According to the Michigan House Democrats, 150 children are affected by autism a year. In 2008, Michigan had around 13,839 children with varying forms of autism. Individuals stress early intervention will help 47% of individuals to recover typical functions and will help another 40% make improvements. If left untreated, autism can cost more than $3.4 million dollars a year for one individuals care. The Center for Affordable Health Insurance estimates that having insurance companies cover autism would only raise the premiums by less than 1%.

    The Michigan Association of Community Mental Health however, believes insurance companies would be singling out a disorder that affects the brain. They believe that these bills would increase premiums, which would make it almost impossible to get full party bills. They also believe these bills would force definitions of "medical necessity".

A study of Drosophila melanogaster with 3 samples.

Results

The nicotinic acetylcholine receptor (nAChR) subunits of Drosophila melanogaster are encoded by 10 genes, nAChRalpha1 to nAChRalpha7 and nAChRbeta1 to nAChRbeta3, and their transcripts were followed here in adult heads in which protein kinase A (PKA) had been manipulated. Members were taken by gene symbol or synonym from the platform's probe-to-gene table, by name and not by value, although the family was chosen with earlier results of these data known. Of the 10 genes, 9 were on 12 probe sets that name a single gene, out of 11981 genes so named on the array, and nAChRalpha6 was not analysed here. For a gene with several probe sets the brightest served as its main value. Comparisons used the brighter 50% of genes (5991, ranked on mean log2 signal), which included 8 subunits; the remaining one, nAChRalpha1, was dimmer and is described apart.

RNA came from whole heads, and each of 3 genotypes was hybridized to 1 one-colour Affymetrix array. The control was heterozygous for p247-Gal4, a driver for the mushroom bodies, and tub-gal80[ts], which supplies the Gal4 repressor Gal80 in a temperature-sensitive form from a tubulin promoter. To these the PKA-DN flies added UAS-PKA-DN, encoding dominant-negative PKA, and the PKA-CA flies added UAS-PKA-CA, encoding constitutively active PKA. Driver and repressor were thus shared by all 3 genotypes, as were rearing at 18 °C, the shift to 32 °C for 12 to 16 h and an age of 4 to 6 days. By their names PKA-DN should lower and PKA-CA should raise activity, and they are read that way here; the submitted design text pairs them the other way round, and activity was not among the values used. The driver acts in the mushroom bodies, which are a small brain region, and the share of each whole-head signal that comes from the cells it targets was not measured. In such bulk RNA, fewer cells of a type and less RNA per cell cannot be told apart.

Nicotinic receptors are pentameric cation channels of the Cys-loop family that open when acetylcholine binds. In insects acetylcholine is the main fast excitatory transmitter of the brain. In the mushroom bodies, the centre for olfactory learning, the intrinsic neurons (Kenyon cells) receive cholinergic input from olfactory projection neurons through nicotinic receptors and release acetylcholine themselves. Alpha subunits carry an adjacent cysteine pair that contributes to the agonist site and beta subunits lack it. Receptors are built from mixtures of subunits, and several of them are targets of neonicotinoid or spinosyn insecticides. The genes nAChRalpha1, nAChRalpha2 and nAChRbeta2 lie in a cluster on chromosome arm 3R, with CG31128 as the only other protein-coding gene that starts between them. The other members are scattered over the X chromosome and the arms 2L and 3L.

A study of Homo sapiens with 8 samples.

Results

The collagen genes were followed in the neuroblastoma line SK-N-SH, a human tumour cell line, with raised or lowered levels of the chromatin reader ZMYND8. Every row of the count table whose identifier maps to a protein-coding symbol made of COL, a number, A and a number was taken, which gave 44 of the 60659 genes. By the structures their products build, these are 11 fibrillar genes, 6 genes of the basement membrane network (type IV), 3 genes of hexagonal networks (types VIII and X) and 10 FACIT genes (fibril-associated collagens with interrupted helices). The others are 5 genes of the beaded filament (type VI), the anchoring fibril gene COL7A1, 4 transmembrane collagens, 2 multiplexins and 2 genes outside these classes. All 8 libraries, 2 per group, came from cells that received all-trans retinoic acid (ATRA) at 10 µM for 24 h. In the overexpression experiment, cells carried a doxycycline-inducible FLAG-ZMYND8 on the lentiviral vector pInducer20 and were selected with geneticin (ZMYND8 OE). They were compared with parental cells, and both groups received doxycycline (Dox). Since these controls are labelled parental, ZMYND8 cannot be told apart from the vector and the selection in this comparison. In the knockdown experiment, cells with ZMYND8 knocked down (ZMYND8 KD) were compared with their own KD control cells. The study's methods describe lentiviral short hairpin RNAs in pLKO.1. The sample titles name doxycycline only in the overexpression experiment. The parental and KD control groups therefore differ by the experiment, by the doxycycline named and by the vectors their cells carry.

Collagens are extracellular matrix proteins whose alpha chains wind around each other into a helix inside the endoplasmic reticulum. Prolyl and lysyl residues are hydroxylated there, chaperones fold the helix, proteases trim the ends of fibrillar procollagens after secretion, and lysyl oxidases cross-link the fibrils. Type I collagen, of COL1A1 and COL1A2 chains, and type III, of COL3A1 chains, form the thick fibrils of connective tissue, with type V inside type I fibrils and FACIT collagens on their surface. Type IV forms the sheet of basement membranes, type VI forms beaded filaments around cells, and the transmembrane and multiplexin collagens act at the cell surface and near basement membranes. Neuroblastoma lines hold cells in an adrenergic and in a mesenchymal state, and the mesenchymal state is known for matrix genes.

Sources:

    http://055.housedems.com/news/article/angerer-families-children-with-autism-deserve-treatment/advocates-call-on-committee-to-support-bill-requiring-coverage-of-autism-treatments/
    Testimony before the house Health Policy Committee June 9, 2009 from the Michigan Association of Community Mental Health


    The Michigan Policy Network is a student-led public education and research program to report and organize news and information about the political process surrounding Michigan state policy issues. It is run out of the Department of Political Science at Michigan State University, with participation by students from the College of Social Science, the College of Communication, and James Madison College. 


    Leah Brynaert is Health Care Fellow & Correspondent for the Michigan Policy Network. She is a first-year student in Lyman Briggs College at MSU.